The Commission's escalation came as Intel's smaller rival, Advanced Micro Devices, was trying to ratchet up pressure on the chip maker, which has 90 percent of world sales of microprocessors for personal computers that run Microsoft Windows and Linux.
"(EU) competition officials, accompanied by officials from national competition authorities, are conducting inspections of several premises of Intel Corp. in Europe as well as a number of IT firms manufacturing or selling computers," Commission spokesman Jonathan Todd said.
"The investigations are being carried out within the framework of an ongoing competition case," he added.
Intel confirmed the raids and said that it was cooperating fully with the Commission.
"As is our normal practice, we are fully cooperating with authorities from the EU. Beyond that, we can't comment on the specifics of the searches but we believe our business practices are both fair and lawful," said spokesman Chuck Malloy at the company's Santa Clara, California, headquarters.
Sources familiar with the situation said that the raids included Intel's installations in Swindon, England, and in Munich.
Japan has also acted against Intel, but U.S. authorities have expressed little interest in becoming involved. Antitrust authorities in the United States have said that abuse of dominance or monopolisation cases are their lowest priority, after cartels and mergers.
The Commission had let a probe it began four years ago go dormant until AMD offered new information more than a year ago.
"We welcome today's dawn raid concerning Intel's continuing infringement of European competition rules. AMD has worked with the EU Commission for years and submitted growing evidence of Intel's illegal activities, including materials from third parties," the spokesman said.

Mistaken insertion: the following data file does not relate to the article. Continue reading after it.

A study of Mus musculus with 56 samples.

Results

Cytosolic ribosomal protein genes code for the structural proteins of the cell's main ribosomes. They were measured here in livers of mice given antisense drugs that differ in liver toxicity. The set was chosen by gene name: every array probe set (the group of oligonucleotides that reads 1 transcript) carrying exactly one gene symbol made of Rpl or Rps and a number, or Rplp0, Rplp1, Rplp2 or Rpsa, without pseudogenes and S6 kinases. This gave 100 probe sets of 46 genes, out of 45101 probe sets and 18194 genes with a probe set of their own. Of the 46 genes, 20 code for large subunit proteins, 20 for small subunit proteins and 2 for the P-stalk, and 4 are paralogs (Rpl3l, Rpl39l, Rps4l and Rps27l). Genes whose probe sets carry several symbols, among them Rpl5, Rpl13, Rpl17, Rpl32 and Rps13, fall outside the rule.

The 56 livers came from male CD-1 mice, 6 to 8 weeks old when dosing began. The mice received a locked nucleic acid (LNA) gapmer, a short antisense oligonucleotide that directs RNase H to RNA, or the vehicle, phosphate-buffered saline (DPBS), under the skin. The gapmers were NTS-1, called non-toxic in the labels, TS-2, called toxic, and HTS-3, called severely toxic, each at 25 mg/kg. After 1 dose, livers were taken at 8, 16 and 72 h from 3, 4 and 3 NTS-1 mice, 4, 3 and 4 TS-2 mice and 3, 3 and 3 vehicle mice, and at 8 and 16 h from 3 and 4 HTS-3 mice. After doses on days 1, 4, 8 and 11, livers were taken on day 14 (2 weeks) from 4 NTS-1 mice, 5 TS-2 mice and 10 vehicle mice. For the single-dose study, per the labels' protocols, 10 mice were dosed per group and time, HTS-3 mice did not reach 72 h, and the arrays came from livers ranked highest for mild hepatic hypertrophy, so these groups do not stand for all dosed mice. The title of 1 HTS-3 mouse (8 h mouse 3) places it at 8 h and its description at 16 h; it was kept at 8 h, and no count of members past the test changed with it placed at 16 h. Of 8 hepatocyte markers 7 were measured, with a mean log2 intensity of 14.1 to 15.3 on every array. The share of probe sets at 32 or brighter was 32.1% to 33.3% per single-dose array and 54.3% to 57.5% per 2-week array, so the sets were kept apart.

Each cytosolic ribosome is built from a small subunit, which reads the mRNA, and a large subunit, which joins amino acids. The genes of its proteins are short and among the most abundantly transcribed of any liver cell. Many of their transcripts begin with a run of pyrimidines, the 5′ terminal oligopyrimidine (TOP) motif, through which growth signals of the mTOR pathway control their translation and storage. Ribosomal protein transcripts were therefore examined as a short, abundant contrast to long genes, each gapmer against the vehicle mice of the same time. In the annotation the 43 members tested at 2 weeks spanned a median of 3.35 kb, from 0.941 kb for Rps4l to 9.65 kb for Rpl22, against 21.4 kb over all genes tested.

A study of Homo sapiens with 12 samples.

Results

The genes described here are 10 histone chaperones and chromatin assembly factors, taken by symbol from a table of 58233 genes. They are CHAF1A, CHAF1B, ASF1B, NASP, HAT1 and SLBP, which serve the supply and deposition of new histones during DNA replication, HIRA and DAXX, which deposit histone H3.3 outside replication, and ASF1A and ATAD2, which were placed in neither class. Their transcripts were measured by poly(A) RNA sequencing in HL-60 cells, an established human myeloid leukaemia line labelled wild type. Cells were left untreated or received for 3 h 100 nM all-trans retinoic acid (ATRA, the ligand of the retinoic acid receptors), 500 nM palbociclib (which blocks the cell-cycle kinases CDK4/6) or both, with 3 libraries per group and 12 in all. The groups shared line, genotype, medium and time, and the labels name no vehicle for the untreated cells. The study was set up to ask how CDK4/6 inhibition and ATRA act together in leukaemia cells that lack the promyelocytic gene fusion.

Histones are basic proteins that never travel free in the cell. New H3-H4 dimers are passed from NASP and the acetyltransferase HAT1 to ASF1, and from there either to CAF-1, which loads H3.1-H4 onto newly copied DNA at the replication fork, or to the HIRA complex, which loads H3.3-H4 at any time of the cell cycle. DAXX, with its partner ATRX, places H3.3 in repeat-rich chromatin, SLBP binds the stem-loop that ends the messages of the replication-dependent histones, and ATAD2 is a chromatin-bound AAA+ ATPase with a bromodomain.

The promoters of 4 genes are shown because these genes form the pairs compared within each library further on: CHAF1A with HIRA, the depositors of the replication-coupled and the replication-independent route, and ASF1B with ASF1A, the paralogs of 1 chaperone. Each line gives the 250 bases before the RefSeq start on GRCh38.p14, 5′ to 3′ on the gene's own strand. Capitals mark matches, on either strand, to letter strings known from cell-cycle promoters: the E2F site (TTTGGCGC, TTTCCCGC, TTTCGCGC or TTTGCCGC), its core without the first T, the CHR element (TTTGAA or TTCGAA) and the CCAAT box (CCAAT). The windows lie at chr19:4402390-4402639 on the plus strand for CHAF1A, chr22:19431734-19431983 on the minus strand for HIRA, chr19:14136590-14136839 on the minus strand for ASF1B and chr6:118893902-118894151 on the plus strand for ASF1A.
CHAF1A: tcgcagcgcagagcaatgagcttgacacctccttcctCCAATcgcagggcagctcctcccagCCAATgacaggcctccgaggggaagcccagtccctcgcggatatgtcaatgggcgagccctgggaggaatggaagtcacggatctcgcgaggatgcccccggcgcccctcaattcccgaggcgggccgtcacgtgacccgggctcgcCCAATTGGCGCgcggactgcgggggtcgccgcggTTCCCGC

The raids in Europe are only one of the fronts on which Intel is facing pressure.
AMD has argued to competition authorities around the world, and recently filed lawsuits, alleging that Intel maintains a 90 percent market share by income and 78 percent market share by volume by violating antitrust laws.
AMD filed a triple-damages antitrust lawsuit in the United States earlier this month, alleging that Intel had used threats and kickbacks in illegally building the world's top computer chip business.
AMD argues that Intel coerced 38 companies, including Dell Inc.and Sony Corp.
A spokeswoman for Dell in the UK confirmed that the group's headquarters in Bracknell in southern England had been visited by EU officials.
"We have been visited by officials .... and we are cooperating fully with them," she said, adding that no further details could be provided at the moment.
Last month, AMD filed two suits against Intel in Japan, seeking $55 million in damages from the world's largest chip maker for alleged violations of the country's antitrust laws.
In March, Japan's Fair Trade Commission (FTC) found that Intel had violated antitrust laws by offering rebates to five PC makers that agreed either not to buy or to limit their purchases of chips made by AMD or other rivals.
The five computer makers were Hitachi, Sony, NEC, Fujitsu and Toshiba.